Subway planning major rebranding effort in 2016 to boost slumping sales


Subway is planning its first major facelift in seven years as the five-decade-old sandwich giant tries to reverse sagging sales, The Post has learned.

The slumping chain — hurt by changing consumer tastes, marketing missteps and the scandal surrounding its former pitchman — will reveal a major rebranding in mid-2016, according to sources.

Faster-moving rivals, including Chipotle and Firehouse Subs, have been eating Subway’s lunch by offering seemingly fresher, healthier and more customized fare.

As it struggles to keep up with nimbler rivals, the Milford, Conn.-based mega-deli is eyeing a host of changes, including redesigning its stores and employee uniforms, rolling out digital signs and introducing new menu items.

A Subway spokeswoman said the company is taking a “multifaceted” approach to improving operations, including staff training and new products, but declined to provide details.

America’s most ubiquitous fast-food chain, which celebrated its 50-year anniversary Friday, was ahead of the curve when it started pitching subs and salads as a healthier alternative to burgers and fries. Spokesman Jared Fogle helped fuel sales for 15 years after shedding 200 pounds on “The Subway Diet.”

Its prices were also hard to beat, especially the $5 foot-long that debuted during the Great Recession in 2008.

But all was not well even before the company ditched Fogle, who agreed earlier this month to plead guilty to possessing child pornography and paying minors for sex.

Faster-moving rivals, including Chipotle and Firehouse Subs, have been eating Subway’s lunch by offering seemingly fresher, healthier and more customized fare.

Subway suffered a backlash last year when a chemical found in yoga mats was also found in its bread.

The company is also under pressure to switch to antibiotic-free meat. Subway has said it will cut antibiotics from its chicken next year. It is also working on ham and turkey, but it takes time to source that much meat, which is why the move won’t happen until 2016.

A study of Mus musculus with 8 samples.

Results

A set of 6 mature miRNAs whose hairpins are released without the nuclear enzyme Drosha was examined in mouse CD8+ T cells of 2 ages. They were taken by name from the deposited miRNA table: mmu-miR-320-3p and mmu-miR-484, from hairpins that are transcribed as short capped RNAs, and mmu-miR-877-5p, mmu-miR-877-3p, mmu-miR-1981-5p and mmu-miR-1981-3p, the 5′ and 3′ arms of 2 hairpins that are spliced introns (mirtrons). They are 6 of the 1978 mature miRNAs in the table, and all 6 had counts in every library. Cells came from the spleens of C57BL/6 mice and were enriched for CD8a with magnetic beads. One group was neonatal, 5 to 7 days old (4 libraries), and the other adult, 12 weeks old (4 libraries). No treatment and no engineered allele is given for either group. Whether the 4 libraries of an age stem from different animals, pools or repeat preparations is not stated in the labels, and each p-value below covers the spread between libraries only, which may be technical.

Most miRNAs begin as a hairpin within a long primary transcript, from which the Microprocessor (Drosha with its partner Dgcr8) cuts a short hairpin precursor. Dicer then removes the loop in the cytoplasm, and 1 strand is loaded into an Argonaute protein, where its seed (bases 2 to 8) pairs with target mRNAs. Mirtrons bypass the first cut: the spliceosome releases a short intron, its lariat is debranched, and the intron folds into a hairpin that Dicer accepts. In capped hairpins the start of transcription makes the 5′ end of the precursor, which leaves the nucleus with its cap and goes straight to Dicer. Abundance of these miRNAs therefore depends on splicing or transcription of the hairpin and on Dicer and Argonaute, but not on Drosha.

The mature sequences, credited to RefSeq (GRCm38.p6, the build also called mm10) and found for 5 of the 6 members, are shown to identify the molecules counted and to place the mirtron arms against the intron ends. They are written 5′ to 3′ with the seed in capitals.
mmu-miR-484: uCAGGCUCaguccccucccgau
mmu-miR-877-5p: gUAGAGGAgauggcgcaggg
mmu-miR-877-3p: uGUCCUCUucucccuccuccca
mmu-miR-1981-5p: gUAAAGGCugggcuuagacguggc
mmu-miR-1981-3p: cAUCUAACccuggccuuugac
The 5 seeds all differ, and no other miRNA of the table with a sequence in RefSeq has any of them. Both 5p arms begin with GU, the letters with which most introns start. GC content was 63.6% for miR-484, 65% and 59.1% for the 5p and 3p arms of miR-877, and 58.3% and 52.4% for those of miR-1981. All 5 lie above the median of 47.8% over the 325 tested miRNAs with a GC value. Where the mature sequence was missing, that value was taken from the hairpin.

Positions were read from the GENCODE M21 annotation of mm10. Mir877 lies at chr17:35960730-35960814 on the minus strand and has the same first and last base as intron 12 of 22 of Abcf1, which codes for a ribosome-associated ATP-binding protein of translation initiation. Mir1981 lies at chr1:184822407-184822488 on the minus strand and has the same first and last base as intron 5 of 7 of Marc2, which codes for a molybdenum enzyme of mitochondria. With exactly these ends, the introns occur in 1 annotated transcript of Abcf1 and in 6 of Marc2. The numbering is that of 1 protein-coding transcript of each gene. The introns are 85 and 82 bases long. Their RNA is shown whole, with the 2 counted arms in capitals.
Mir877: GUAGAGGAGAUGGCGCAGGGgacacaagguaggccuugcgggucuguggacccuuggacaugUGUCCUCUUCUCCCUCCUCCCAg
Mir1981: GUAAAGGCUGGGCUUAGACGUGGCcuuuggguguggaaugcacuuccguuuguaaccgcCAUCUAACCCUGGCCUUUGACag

“We have been working toward the elimination of antibiotics, as are many other companies, which makes securing supply challenging for a chain our size,” a spokeswoman said.

Meanwhile, the closely held company, which doesn’t disclose its finances, has been mired in a slump. Sales for 2015 are flat following several down years, sources said.

“We’ve been up 1 to 2 percent in the last couple of weeks,” said a development agent, noting the Fogle scandal wasn’t having an impact. Still, “we are behind where we were two years ago.”

Part of the problem is stale marketing, the agent said.

“When marketing got stagnant, it became price, price, price,” said the agent, who spoke anonymously.

Subway’s longtime marketing chief, Tony Pace, has said he will step down Sept. 30. Karie Ford, the vice president of media services who led digital marketing efforts, is also planning to exit, said a source. Subway just tapped BBDO as its new ad agency.

Chief Executive Suzanne Greco showed off new, seemingly healthier products at the company’s annual development conference earlier this month, including thicker-sliced carved turkey, ham with lower water content and vegan patties, sources said.

The question is: Will Subway have to raise prices?

“If you tell people it is higher quality, and it is not a higher price, will they believe it?” the agent asked.

This story first appeared on NYPost.com.